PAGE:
Pound tanks as investors react to worse-than-expected UK growth figures
Sterling was hovering near a two-month low against the US dollar.
The pound tanked on Friday as disappointing UK growth figures forced investors to question the likelihood of a Bank of England interest rate hike next month.
Sterling fell as much as 1.1% against the US dollar in the wake of the data, which showed gross domestic product (GDP) grew by just 0.1% – much worse than economists’ predictions for a slowdown to 0.3% and down from 0.4% in the fourth quarter of 2017.
It was also the weakest quarterly growth since the fourth quarter of 2012.
By Friday afternoon, the pound was trading down 0.9% at 1.378 on the greenback, and slumped 0.9% versus the euro to 1.138.
Connor Campbell, a financial analyst at SpreadEx, said: “Sterling was severely shaken by the UK’s first-quarter GDP reading, a troublesome figure made all the worse by the fact that the ONS warned March’s Beast from the East – a potential get-out-of-jail=free card for Q1’s abysmal growth – actually had ‘very little impact’ on the slowdown.”
He added: “This immediately dealt a rather sizeable dovish blow to sterling, with a May rate hike from the Bank of England going from a near certainty at the start of the month, to a toss-up following Mark Carney’s comments last week, to now an almost complete dead end.”
But a weaker pound supported the FTSE 100, as many multinational companies are seen to benefit when foreign currencies are stronger.
London’s blue chip index ended the day up 1.09% or 80.78 points at 7502.21 points.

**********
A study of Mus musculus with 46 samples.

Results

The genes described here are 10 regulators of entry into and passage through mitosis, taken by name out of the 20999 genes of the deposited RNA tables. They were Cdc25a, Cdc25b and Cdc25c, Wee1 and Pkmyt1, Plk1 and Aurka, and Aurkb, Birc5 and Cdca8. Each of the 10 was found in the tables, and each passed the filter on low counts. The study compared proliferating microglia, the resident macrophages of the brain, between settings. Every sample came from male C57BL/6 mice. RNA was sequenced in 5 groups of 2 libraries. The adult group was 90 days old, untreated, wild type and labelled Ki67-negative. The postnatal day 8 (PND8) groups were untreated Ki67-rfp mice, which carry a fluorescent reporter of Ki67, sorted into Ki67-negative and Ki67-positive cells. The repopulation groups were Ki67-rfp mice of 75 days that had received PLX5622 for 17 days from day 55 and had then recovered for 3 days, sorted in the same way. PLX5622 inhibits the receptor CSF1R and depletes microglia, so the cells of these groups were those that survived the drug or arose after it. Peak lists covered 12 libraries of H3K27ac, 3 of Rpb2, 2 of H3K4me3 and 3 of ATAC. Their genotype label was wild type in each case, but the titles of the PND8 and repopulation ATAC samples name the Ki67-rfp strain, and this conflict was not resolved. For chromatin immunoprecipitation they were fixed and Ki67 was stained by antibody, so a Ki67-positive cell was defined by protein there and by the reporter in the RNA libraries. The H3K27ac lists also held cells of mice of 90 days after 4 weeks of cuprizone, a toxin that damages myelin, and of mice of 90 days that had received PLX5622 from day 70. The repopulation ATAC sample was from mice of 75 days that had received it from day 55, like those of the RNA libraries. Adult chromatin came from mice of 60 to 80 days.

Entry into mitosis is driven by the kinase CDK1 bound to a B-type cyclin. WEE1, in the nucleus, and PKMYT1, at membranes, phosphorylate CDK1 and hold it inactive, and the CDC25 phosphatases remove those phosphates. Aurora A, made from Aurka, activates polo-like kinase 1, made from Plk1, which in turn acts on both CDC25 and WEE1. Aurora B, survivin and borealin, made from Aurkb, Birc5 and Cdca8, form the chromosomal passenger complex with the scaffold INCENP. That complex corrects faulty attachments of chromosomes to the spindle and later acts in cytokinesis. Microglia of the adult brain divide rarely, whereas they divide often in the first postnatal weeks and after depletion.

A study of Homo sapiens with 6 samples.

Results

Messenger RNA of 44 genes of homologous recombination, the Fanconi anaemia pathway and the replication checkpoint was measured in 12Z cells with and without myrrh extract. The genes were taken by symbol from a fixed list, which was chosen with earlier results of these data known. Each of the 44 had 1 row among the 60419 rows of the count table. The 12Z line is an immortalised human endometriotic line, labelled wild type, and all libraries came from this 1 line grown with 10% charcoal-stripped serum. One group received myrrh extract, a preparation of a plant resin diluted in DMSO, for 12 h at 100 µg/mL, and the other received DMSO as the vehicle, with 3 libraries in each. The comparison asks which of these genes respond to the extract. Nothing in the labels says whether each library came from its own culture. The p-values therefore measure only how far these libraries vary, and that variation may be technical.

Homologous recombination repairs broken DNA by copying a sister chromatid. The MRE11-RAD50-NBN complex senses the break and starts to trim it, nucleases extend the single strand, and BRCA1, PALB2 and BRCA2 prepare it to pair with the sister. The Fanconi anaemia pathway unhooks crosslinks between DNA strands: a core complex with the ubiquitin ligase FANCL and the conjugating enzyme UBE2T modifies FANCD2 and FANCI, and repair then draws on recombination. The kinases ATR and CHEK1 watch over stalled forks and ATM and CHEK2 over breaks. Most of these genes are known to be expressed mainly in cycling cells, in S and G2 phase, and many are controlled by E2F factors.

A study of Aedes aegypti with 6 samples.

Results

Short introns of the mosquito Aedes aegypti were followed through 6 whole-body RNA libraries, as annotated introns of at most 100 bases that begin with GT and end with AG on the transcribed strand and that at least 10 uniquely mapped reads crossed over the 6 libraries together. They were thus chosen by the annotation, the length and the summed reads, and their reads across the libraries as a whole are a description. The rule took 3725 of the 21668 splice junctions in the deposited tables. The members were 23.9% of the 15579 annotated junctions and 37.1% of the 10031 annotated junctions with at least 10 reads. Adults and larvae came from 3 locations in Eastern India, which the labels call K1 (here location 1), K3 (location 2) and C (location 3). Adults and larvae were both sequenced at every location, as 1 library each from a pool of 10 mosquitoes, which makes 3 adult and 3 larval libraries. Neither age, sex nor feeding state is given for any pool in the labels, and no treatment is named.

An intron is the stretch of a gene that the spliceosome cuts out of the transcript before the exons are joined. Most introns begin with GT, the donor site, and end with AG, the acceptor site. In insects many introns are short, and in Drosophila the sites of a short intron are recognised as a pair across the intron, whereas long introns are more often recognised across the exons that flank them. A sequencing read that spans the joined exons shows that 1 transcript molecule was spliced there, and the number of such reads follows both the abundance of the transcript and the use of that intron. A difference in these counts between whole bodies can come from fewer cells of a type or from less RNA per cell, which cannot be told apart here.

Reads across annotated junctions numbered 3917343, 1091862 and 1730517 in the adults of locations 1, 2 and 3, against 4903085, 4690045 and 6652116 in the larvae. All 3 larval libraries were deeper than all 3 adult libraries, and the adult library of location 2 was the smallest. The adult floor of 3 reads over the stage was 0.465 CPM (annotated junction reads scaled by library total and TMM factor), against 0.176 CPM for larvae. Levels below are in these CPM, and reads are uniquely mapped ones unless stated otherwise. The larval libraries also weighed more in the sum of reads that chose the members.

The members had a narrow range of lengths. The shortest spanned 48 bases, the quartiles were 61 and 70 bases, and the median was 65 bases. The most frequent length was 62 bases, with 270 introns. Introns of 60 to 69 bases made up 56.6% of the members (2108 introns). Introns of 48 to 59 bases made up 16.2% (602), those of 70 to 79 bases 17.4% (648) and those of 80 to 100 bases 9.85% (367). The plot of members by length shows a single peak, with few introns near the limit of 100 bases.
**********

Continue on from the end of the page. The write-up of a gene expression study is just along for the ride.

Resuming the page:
It outperformed its European peers, with the French Cac 40 and German Dax ending the day up 0.5% and 0.6%, respectively.
Brent crude prices rose 0.2% to around 74.85 US dollars per barrel as investors continued to fret over tensions in the Middle East.
David Madden, a market analyst at CMC Markets, said: “There is talk President (Trump) will introduce sanctions against Iran, and that decision might be made next month.
“The oil market isn’t too far away from multi-year highs given that Iran could be in line for financial punishment, some traders don’t want to get caught short.”
In UK stocks, RBS shares fell 4p to 268.4p, making it the worst performer on the FTSE 100 despite reporting a 206% rise in first-quarter profit to £792 million.
Investors were still nervous about a looming multibillion-dollar settlement with the US Department of Justice over claims that it mis-sold mortgage-backed securities in the run-up to the financial crisis.
Travis Perkins dropped 15p to 1,270p on news that the Wickes DIY chain owner suffered a 1.9% dip in general merchanting sales, which it blamed on weak consumer sentiment and weakness in the UK DIY market.
Shares in Merlin Entertainments jumped 16.3p to 363p after reporting that overall trading at its London division was in line with expectations, though the division was still being impacted by the wave of terror attacks last year.
The biggest risers on the FTSE 100 were DCC up 250p at 7,000p, Rentokil Initial up 9.5p at 306.5p, Burberry Group up 54p at 1,822p, and Scottish Mortgage Investment Trust up 13.6p at 474.6p.
The biggest fallers on the FTSE 100 were Royal Bank of Scotland down 4p at 268.4p, Next down 34p at 5,230p, Vodafone Group down 1.25p at 210.55p, and Croda International down 26p at 4,500p.